In this article, we review the current status, indication, technical aspects,
controversies, and future prospects of boost irradiation after breast conserving
surgery (BCS). BCS and radiotherapy (RT) of the conserved breast became widely
accepted in the last decades for the treatment of early invasive breast cancer.
The standard technique of RT after breast conservation is to treat the whole
breast up to a total dose of 45 to 50 Gy. However, there is no consensus among
radiation oncologists about the necessity of boost dose to the tumor bed.
Generally accepted criteria for identification of high risk subgroups, in which
boost is recommended, have not been established yet. Further controversy exists
regarding the optimal boost technique (electron vs. brachytherapy), and their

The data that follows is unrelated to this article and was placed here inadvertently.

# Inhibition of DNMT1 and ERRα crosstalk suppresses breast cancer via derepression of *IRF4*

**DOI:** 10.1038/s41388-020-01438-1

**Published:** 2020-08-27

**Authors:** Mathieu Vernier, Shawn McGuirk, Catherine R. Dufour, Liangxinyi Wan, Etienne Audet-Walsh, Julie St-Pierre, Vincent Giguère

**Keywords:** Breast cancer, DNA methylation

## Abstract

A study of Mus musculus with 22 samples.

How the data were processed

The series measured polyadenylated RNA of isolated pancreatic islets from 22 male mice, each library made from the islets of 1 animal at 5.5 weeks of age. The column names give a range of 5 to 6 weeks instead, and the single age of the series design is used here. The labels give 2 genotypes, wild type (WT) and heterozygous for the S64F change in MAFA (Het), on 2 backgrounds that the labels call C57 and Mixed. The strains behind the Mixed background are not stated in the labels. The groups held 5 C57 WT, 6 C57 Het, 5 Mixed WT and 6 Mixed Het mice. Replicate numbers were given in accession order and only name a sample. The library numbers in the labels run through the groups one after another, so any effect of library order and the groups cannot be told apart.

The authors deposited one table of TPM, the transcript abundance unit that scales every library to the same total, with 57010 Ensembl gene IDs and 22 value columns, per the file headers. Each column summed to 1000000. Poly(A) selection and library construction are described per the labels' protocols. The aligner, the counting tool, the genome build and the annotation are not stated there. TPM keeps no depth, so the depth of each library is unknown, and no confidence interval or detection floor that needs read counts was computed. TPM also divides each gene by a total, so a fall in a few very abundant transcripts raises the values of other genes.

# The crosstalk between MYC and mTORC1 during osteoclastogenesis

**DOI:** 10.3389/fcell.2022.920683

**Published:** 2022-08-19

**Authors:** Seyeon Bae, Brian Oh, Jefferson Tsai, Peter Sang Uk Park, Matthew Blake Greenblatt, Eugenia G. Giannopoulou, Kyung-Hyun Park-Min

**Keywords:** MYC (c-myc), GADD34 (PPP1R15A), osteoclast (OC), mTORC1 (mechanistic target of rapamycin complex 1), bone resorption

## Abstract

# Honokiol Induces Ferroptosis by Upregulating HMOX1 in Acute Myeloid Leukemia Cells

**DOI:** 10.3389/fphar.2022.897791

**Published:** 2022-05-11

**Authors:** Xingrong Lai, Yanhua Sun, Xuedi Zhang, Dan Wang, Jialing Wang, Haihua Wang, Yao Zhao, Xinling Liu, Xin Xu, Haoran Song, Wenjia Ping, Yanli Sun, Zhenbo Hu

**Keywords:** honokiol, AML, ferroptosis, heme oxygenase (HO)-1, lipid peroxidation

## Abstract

impact on local tumor control and cosmesis. Based on the results of numerous
retrospective and recently published prospective trials, the European
brachytherapy society (GEC-ESTRO), as well as the American Brachytherapy Society
has issued their guidelines in these topics. These guidelines will help
clinicians in their medical decisions. Some aspects of boost irradiation still
remain somewhat controversial. The final results of prospective boost trials with
longer follow-up, involving analyses based on pathologically defined subgroups,
will clarify these controversies. Preliminary results with recently developed
boost techniques (intraoperative RT, CT-image based 3D conformal brachytherapy,
and 3D virtual brachytherapy) are promising. However, more experience and longer
follow-up are required to define whether these methods might improve local tumor
control for breast cancer patients treated with conservative surgery and RT.